With a global pandemic still ongoing and Christmas not too far away, it’s no wonder that our nerves may be a little frayed. We know from ongoing data that many people’s mental wellbeing is not in great shape at the moment, and we could all do with lifestyle advice to help us feel a little calmer.
What we eat and drink can make a big difference to how we feel and there are some foods which can help support our bodies and our minds feel less stressed.
This International Stress Awareness Week, Clinical Nutritionist Suzie Sawyer shares 3 foods you can start adding to your diet.
Start the day with oats
There are a number of reasons why this is a great way to start the day. Firstly, oats are loaded with the amino acid tryptophan, which is needed to produce our feel-good hormone serotonin.
Secondly, oats are rich in the mineral magnesium, often referred to as ‘nature’s natural tranquiliser’. Essentially, magnesium fulfils many important functions within the body, but it also works on the central nervous system; if you’re nerves are shredded, then it might be time to think about how much magnesium you have in the diet. Interestingly, it’s very often deficient in the typical western diet. This is largely because magnesium is found in whole grains, rather than refined ones which dominate western diets such as cakes, pastries, biscuits, white bread, white rice, and white pasta.
Importantly, your breakfast bowl should contain whole grain oats (the large ones!) which can be eaten in many ways. For a quick, easy win, why not soak the oats overnight in a little milk and apple juice. The retrieve from the fridge in the morning, top with berries and natural yoghurt and you’ve got one of the best starts to the day!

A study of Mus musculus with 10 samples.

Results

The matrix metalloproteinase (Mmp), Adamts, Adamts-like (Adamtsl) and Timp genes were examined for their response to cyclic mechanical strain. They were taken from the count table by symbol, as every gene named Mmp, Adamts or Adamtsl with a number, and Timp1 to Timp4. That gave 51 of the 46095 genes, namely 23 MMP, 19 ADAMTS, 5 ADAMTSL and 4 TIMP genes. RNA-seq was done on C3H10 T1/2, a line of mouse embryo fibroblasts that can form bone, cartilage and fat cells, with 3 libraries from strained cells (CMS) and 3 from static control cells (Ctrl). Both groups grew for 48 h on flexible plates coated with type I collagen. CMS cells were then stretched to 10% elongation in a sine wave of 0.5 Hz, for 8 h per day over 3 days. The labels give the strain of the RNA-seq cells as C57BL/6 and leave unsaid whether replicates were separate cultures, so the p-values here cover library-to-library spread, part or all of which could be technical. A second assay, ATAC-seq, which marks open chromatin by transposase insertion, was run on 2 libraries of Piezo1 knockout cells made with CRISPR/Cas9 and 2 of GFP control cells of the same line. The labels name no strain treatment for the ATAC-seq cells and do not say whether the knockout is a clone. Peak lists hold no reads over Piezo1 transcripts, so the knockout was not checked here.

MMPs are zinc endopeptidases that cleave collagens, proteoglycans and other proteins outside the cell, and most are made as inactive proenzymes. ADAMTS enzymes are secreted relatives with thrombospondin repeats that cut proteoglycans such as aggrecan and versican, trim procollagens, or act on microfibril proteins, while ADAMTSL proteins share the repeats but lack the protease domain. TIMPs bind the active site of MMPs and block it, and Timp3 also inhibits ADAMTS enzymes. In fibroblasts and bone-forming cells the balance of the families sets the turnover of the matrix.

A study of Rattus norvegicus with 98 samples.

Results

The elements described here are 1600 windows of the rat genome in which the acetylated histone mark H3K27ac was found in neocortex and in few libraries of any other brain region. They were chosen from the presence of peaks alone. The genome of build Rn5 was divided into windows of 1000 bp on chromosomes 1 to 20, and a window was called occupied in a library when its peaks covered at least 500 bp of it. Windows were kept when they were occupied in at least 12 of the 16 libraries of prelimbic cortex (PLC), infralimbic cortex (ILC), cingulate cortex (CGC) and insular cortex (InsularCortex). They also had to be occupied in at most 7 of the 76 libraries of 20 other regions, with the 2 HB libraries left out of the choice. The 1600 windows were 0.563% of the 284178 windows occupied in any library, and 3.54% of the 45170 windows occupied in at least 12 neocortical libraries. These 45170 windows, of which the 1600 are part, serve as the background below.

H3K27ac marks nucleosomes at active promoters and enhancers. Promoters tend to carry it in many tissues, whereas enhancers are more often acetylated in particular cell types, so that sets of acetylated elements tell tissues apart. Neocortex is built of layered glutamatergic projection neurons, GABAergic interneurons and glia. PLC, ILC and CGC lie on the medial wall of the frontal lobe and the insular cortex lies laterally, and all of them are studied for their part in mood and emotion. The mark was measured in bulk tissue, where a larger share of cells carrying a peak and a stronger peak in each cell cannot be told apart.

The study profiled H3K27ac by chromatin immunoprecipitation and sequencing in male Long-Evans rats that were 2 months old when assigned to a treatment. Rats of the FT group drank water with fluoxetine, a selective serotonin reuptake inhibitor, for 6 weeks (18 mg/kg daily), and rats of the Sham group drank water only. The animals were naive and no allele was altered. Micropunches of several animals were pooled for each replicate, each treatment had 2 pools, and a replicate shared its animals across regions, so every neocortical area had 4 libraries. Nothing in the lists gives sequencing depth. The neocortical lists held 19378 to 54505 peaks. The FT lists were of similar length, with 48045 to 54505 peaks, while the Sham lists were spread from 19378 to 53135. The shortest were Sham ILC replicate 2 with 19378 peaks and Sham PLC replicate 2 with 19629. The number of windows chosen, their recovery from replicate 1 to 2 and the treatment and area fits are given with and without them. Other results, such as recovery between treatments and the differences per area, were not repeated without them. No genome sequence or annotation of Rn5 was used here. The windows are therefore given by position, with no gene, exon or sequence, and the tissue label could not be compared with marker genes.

Opt for fish
There are many good reasons for including fish in the diet. However, it’s oily fish, including salmon, which has the most health benefits and can help calm the nerves. Salmon is very high in the omega-3 fats which are critical for brain health; low levels of omega-3s have been linked to anxiety and depression.
Why not have some delicious smoked salmon with your salad for lunch or with poached eggs for breakfast. You’ll still be gaining all the wonderful health benefits. Salmon also makes a great dinner option and can quickly and easily be cooked in the oven in foil with some lemon juice, butter, and dill, if you have some.
It’s important to recognise that farmed fish are often contaminated with unwanted. Always try to buy wild Alaskan salmon which has a much more distinctive pink colour. This is because wild salmon naturally eat an alga called astaxanthin, which turns salmon pink, and which is also an amazing antioxidant, further protecting our bodies and minds.
Go for green tea
Often just having a warm drink can help soothe the nerves. However green tea is a great option. This is because it contains the amino acid theanine, which can positively impact mood. Interestingly, there has been much research around theanine and its ability to reduce stress. Theanine works in a number of ways but essentially by raising GABA, one of our calming brain neurotransmitters.
Just like black tea, green tea naturally contains caffeine which will adversely affect the nervous system. However, theanine appears to counter any of its negative effects. Green tea is also rich in catechins which are powerful antioxidants which can help reduce inflammation in the brain, partly responsible for its ageing and degeneration. Aim to drink around three cups daily to enjoy the best effects.
As an aside, and if you’re looking to lose a few kilos before Christmas, green tea appears to have thermogenic effects, meaning it may temporarily uprate metabolism. Therefore, having a cup of green tea prior to your morning walk, run or workout could provide a wealth of health benefits.
So, if you’re feeling frazzled, try adding some of the above to your daily diet and support your wellbeing from the inside out.